Japan is now producing sake from trees, with the government currently working with start-ups to commercialise cedar-based technology.
The breakthrough is a byproduct of the 2011 Fukushima Daiichi nuclear power plant and is part of a new fragmented discovery.
Considered a sacred beverage, sake—the fermented rice-based alcohol—throughout its 2,000-year history, it has become Japan’s national beverage.
With an international market valued in 2019 at US $9.2 billion, sake is going global and, in 2022, was named as a serious contender for the world’s next spirit of choice.
As reported in The Mainichi, the Forestry and Forest Products Research Institute (FFPRI) has devised a manufacturing process similar to making shochu, using fermentation technology to create new flavours.
The FFPRI is the Japanese Government research organisation focused on conducting interdisciplinary research on forests, forestry, the timber industry, and tree breeding.
Following a Japanese Government to reduce incidences of pollen, the FFPRI is now looking to better utilise the country’s vast cedar resources.
Known as ‘Wood Spirits,’ it now supports start-ups looking to invest extensive capital to set up commercial production facilities as part of a greater push to increase commercial production to meet Japanese demand for forest and wood products.
One of the start-ups commercialising the research is Ethical Spirits, a venture company opening the world’s first distillery focused on cedar production.
The company has started production after obtaining a permit from the government and will increase output whilst keeping an eye on the reaction from the market.
If successful, it aims for global production of cedar-based sake by 2025.
Ethical Spirits uses four types of trees in its distilling process: cedar, cherry, mizunara (Quercus crispula), and kuromoji (lindera umbellata).
Each tree has a different flavour when distilled, with the company expected to bring wood chips from Tokigawa in Saitama Prefecture and bottle the finished sake at a new distillery partly constructed in Chiba City.
According to Yuichiro Otsuka, a researcher at the FFPRI who was involved in the development, aside from the taste of alcohol, when the sake is in the mouth, the scent of each tree penetrates the nose.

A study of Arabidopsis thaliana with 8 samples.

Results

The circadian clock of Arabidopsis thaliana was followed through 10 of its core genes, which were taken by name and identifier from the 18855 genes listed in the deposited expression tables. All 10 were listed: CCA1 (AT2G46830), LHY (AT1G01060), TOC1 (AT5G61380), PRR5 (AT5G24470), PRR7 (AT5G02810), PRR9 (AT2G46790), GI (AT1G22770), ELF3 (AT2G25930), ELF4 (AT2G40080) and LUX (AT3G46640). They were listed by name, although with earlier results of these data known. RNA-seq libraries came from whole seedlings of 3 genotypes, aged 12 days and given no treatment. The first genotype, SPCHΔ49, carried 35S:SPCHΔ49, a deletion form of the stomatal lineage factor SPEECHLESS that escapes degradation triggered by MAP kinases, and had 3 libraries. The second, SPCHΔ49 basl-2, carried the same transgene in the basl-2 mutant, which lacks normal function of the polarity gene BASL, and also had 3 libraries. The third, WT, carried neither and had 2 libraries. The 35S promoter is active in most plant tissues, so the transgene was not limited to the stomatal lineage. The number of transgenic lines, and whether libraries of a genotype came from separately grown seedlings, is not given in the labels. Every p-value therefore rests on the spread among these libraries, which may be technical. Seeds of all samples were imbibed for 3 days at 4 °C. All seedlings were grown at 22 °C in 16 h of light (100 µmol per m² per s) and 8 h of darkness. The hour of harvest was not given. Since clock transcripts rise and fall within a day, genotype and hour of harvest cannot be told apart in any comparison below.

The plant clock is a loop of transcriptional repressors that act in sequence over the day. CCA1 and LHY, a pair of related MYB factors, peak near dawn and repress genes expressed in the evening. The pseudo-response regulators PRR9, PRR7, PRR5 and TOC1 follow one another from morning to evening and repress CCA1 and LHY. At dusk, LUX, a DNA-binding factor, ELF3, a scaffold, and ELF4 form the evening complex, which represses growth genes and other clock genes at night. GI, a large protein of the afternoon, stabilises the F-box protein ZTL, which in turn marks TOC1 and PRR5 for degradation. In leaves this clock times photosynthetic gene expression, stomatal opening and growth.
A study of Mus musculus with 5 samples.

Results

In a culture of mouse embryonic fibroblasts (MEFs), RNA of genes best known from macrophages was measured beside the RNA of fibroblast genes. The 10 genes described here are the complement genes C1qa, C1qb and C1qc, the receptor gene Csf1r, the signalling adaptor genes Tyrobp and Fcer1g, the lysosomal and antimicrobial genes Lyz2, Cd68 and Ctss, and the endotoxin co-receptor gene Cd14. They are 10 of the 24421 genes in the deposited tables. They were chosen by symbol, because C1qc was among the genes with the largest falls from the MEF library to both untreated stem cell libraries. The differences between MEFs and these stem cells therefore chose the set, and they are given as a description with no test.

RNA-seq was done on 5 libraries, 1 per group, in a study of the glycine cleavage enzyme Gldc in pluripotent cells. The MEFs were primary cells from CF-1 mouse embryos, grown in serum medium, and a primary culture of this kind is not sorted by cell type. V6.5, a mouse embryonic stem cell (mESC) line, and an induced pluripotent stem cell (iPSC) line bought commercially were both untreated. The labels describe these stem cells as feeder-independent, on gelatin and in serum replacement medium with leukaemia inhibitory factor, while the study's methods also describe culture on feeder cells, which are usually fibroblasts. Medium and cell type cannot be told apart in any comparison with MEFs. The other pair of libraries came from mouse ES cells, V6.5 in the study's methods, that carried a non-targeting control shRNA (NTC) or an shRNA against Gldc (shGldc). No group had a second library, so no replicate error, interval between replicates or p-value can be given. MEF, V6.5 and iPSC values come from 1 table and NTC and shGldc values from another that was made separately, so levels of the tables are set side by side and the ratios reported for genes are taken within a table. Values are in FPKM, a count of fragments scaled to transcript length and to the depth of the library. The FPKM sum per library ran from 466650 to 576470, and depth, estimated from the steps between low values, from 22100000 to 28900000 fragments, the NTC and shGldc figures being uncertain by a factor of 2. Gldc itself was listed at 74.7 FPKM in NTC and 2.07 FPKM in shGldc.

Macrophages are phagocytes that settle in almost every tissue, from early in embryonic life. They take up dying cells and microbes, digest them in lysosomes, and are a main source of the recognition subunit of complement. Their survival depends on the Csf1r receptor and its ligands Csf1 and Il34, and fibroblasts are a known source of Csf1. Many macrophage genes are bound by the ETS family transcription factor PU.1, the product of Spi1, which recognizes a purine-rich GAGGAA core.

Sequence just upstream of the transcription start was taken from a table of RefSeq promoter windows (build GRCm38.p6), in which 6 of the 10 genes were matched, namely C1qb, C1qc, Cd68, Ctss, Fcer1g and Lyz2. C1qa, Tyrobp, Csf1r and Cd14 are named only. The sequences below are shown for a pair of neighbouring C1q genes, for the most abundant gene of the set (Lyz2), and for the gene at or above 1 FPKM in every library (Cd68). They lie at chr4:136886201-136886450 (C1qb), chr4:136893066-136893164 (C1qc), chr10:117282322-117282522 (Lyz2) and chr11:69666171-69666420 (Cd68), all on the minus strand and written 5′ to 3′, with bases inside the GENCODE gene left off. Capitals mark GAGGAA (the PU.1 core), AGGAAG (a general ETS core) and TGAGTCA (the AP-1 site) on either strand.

It’s also possible to mix the final product with fermented but not yet distilled liquid to enjoy the aroma and colour.
“For example,” Mr. Otsuka said, “the fermented cherry tree liquid is bright red, but if you mix a little of the distilled sake, it becomes pink. Then it’s exactly the colour of cherry blossoms.”
Mr Otsuka said that until now, the sugar in the trees required for the alcohol fermentation could not be extracted without “the use of strong chemicals, which made it impossible to produce alcohol safe for drinking.”
But in the wake of the 2011 accident at the Fukushima Daiichi nuclear power plant triggered by an earthquake and tsunami, a non-chemical fermentation method was found while attempting to produce methane gas from biomass, including wood containing radioactive substances.
The FFPRI then discovered that the method could be used to produce alcohol safe for human consumption and set about exploring its potential for commercialisation.
The newly discovered “wet-milling” production method, developed in 2018 and patented in 2021, makes the sake by pulverising wood to less than a thousandth of a millimetre, which releases natural sugars.
The wood is mixed with water to break it down into mash using industrial equipment refitted. The sugar created by adding enzymes to the microparticles is fermented with yeast and distilled.
A machine specially designed to produce the sake can make about 750 millilitres of distilled liquor, equivalent to a bottle of whiskey, from cedar weighing about 2 kilograms.
Using a larger machine, start-ups like Ethical Spirits can produce at least 50 bottles of the product a week, which is expected to grow with greater commercialisation.
“We can also utilise unused timber left over from forest thinning (post-forest harvesting),” according to Kazuya Tatsumi, the Chief Operating Officer for Ethical Spirits.
“I feel there’s potential in this new category of liquor. If we can make sake with the trees of the world, there will be an infinite number of combinations, and it is worth the challenge.”
The FFPRI says that if domestic businesses with brewing licenses use domestic timber, they will be allowed to use the patented technology.
New market entrants will be offered training in a dedicated research building.
So far, four companies, including Ethical Spirits, have signed contracts, with the estimated cost of the equipment between 200 to 300 million yen or AU $1.5 to $2.5 million.
Given there are about 1,200 species of tree in Japan, however, a variety of tree-based sake flavours are possible, according to Mr Otsuka.
“If we can take advantage of subsidies from the national and local governments, we can open the way to the realisation of this project…We would like to create new value for timber with people interested in this project,” Mr Otsuka said.